New law aims to create balance in prison-release placement

Governor Chris Gregoire yesterday signed into law a bill requires that each criminal offender to have a plan for employment and treatment prior to their release from Washington prisons and will be held accountable if they violate the terms of their community supervision.

It also aims to address the complaints of Pierce County officials who say the Washington State Department of Corrections unfairly places recently released inmates in the community.

“For far too long, Pierce County has borne a burden that is unfair to them,” said Gov. Gregoire, who enacted Senate Bill 6157 at Lakewood City Hall. The new bill directs the Department of Corrections to examine the number of existing prison-related and work-release programs in a community, and consider new sites in locations with fewer such facilities. The most important aspect to local officials is the caveat that former offenders must be released to the county from which they received their sentence.

The bill also directs the Department of Corrections (DOC) and local governments to work together to provide services to offenders who have served their sentence and are returning to the community. It requires DOC to address the needs of offenders with education, employment services and treatment programs. The bill also increases employment and housing opportunities for offenders during their transition back into communities. The Washington Institute for Public Policy in 2006 found that investing in these types of programs will reduce recidivism rates. In order to qualify for early release for good behavior, offenders must participate in the programs directed by their Reentry Plan and will face serious consequences if they violate the conditions of their release.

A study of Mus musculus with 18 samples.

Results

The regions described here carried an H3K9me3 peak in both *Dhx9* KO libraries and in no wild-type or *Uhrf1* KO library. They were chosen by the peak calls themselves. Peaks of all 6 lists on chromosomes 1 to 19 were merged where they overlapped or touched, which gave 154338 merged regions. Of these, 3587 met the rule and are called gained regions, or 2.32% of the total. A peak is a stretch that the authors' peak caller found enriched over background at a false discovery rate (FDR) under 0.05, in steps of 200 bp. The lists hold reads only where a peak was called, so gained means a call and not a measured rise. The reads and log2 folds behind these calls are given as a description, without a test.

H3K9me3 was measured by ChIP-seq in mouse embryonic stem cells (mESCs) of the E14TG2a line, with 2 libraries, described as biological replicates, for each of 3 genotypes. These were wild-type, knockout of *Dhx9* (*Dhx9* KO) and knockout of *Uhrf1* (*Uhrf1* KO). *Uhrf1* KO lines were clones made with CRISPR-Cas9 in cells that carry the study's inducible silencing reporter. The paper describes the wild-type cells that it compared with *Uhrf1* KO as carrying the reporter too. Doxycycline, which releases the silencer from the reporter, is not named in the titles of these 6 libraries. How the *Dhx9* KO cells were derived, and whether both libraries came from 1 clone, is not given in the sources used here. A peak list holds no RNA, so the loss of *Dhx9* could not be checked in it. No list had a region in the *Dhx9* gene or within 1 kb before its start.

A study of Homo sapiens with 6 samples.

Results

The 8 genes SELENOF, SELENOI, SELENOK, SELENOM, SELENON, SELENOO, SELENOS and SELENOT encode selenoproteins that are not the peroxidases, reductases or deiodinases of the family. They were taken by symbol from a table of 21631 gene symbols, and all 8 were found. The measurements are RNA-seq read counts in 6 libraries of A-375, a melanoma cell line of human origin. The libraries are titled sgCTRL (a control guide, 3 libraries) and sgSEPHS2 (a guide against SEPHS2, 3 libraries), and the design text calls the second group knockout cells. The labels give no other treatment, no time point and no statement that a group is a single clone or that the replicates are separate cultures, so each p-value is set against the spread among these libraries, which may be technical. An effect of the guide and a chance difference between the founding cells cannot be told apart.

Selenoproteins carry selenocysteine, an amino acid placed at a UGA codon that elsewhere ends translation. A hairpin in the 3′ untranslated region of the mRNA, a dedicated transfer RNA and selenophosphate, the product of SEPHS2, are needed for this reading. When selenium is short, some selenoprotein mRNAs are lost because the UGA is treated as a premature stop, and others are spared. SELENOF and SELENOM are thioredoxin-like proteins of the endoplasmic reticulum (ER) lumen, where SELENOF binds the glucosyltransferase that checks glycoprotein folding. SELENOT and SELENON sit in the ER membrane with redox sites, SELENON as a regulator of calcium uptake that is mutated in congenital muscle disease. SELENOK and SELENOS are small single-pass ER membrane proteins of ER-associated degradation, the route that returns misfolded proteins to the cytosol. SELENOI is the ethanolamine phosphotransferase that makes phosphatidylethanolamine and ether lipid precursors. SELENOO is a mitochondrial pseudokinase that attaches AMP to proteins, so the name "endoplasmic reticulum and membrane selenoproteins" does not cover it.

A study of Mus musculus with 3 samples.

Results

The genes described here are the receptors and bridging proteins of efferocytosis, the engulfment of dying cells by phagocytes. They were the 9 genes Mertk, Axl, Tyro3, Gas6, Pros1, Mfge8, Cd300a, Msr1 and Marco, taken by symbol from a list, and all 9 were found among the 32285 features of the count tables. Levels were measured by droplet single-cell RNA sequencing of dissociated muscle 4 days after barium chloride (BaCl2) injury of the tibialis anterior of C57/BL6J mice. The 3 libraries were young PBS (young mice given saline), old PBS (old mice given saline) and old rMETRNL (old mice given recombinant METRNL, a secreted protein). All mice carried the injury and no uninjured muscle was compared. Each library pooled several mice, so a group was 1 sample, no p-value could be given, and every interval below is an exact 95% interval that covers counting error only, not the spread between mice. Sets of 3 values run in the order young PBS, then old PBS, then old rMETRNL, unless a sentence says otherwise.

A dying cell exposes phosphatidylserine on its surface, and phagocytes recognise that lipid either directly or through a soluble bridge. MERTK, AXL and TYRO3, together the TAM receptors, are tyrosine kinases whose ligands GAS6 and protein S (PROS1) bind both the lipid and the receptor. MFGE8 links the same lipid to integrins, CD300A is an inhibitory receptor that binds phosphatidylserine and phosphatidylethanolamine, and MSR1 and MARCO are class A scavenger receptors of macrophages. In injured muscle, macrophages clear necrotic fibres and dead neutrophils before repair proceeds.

The issue of repeat crime is a nationwide problem. In California, 70 percent of offenders commit another crime after they are released from prison, the highest recidivism rate in the country. The national average recidivism rate is 60 percent and, in Washington, the rate is 42 percent.

“We cannot continue to build more prisons,” said Governor Gregoire. “We must address the causes of crime and give former offenders the skills and treatment they need to stay out of prison. Our goal must be to stop crime and keep our communities safe.

“This bill is not only tough on crime, it’s smart on crime and it will help keep communities safe,” she added. “Offenders will not be let off the hook.”